Was the Gold King Mine spill a story of triumph or tragedy? Certainly, it was a turning point for the community and sparked more active management of historic mines responsible for polluting the watershed.
What about runoff from the 416 Fire burn scar that turned Hermosa Creek and the Animas River black with ash. Was that a tragedy?
Sixth grade students at Escalante Middle School explored complex questions about river management over the course of a semester in science, social studies and language arts classes.
For Madison Scales, 11, fire and subsequent runoff is a tragedy for the river.
“The flooding erodes the soil, and it can cause a lot of flash flooding and mudslides,” she said.
Ash from fire changes the pH of water, causing fish to go into shock and killing them, she said. But fire is also a necessary component of forest health to clear old trees.
Historical mining at the headwaters of the Animas proved unpopular among some students.
“Mining, I think, is one of the biggest polluters to our watershed,” said Hadley Thompson, 12.
The Gold King Mine spill in 2015 brought pollution from historical mines to the local forefront for the communities along the Animas and San Juan rivers.
“When the river turned Technicolor-orange, it really illustrated the connections up and down the watershed from Silverton all the way to Lake Powell,” said Marcie Bidwell, executive director of Mountain Studies Institute. The spill didn’t do any lasting environmental damage. But it did help residents take ownership of the watershed and lead to a Superfund designation including 48 mining-related sites.
The 416 Fire is expected to have far more lasting impacts on the watershed, where mud and debris are expected to flow into the river for years to come, she said.
Teaching students about the watershed is a key part of preparing them to help manage and protect the watershed, she said.
“We need to learn how to live with fire and these other disturbances and prepare our watershed to be resilient,” Bidwell said.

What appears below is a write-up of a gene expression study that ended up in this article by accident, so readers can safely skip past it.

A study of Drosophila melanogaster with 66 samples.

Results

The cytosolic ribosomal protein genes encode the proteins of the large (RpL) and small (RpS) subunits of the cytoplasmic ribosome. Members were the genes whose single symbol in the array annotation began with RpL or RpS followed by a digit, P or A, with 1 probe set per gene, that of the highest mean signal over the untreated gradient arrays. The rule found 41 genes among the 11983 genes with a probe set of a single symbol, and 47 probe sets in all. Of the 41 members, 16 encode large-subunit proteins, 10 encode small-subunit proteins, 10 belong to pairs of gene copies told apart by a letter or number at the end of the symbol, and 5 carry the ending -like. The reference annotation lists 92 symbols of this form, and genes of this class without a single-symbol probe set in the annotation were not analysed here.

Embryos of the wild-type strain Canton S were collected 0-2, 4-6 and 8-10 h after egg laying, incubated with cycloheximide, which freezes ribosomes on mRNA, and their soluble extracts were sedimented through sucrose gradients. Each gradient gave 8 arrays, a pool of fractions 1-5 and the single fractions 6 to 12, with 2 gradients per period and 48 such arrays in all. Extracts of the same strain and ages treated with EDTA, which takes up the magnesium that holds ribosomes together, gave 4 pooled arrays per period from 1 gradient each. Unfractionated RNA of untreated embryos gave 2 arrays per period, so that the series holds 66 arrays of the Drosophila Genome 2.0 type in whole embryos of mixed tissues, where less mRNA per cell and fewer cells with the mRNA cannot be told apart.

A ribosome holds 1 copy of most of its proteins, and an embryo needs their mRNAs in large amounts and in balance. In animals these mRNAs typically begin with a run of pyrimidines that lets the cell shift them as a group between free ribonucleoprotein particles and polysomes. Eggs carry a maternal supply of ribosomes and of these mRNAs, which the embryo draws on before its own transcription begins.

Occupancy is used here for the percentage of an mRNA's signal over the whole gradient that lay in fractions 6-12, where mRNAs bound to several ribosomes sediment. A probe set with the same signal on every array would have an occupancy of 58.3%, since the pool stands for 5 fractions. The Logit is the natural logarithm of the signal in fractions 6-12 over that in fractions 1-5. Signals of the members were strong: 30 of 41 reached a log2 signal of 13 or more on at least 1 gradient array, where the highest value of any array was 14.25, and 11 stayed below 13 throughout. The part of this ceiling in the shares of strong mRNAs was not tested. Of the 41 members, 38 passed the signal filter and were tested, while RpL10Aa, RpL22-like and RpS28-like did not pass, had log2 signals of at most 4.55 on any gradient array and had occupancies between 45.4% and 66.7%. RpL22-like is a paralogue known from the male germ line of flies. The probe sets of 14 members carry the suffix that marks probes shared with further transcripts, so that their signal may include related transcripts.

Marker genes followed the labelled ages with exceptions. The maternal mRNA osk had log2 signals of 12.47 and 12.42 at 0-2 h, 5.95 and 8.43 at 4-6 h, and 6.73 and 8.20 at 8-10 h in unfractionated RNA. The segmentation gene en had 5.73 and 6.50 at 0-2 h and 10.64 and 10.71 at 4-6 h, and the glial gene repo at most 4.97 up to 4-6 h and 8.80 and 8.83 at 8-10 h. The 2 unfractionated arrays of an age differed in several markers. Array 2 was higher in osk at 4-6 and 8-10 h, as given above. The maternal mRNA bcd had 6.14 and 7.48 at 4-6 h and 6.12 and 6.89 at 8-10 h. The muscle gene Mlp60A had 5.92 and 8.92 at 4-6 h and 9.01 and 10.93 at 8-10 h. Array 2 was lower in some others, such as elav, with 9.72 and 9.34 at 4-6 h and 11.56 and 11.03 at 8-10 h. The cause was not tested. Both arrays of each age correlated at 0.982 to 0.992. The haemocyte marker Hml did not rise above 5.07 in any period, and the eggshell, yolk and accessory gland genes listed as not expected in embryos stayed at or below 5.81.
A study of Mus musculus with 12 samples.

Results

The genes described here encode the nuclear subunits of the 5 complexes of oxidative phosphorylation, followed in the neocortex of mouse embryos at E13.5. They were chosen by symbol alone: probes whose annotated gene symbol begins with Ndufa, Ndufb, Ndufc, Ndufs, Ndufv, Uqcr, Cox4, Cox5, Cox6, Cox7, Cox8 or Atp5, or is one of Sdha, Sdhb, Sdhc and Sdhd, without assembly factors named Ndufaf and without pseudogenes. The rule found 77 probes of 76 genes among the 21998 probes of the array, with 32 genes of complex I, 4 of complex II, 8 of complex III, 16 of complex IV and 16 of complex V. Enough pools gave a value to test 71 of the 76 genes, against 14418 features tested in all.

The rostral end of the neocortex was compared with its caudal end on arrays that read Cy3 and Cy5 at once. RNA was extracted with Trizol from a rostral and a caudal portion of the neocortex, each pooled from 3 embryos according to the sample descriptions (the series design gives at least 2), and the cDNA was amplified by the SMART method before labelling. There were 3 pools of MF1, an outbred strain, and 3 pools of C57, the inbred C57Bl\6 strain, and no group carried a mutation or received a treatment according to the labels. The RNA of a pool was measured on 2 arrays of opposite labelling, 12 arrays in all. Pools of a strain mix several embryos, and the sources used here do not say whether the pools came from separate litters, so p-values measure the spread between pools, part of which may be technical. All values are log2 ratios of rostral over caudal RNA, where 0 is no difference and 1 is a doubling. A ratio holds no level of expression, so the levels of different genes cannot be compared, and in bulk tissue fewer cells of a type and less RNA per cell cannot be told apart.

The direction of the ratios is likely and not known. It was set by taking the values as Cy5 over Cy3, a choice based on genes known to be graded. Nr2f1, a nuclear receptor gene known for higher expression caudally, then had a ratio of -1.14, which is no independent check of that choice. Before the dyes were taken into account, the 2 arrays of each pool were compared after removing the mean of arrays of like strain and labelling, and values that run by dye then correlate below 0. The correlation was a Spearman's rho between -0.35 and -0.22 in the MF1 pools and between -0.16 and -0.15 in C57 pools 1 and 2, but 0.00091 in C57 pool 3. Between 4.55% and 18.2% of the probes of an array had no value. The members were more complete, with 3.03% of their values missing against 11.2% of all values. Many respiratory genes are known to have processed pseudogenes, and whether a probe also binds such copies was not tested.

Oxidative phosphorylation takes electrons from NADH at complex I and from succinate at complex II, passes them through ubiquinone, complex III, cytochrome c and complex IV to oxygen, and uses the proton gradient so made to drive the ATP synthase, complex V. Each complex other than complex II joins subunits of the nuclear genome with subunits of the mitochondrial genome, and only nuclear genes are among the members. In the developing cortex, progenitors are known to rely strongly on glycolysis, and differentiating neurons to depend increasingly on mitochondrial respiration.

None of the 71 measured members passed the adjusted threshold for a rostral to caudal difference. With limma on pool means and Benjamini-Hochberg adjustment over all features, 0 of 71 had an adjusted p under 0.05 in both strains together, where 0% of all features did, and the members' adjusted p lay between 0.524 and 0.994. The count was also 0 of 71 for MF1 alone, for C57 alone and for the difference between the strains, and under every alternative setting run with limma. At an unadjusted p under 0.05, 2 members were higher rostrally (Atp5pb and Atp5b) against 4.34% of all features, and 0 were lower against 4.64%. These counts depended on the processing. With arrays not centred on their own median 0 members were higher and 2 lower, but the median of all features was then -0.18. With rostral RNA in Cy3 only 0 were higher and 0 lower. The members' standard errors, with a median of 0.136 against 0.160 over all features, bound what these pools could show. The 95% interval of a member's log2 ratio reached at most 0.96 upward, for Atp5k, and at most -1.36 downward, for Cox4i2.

In-depth study of the river at Escalante was inspired by fish die-offs last year in the Animas River caused by ash runoff from the 416 Fire. Hundreds of fish washed up along the river near the school, said Emily Polster, a sixth grade language arts teacher.
“We were super-compelled to have the kids learn more about the river,” she said.
Learning about the Animas and Colorado river watershed also fits into the school’s expeditionary learning model, which focuses on locally relevant subjects.
By learning about a big topic such as the health of a watershed in multiple classes, it ensures lessons will stick in students’ long-term memory, Polster said.
Students tackled the topic by drawing huge, extensive maps of the Animas and Colorado watershed in science class. They also read excepts from the “River of Lost Souls: The Science, Politics, and Greed Behind the Gold King Mine Disaster,” a book by local author Jonathan P. Thompson, to help understand the issues.
Students capped off their study by discussing how to protect the river and writing essays about mining, recreation, and fire and flooding on the river.
Some students would like to see more fire mitigation and prevention to help prevent blazes like the 416 Fire.
“If we enforce more fire safety, we can keep the river clean and fresh,” Madison said.
Students would also like to see more rules to protect the river from overuse and pollution from mining.
“If we use the water responsibly,” Madison said, “we have earned our birthright to water.”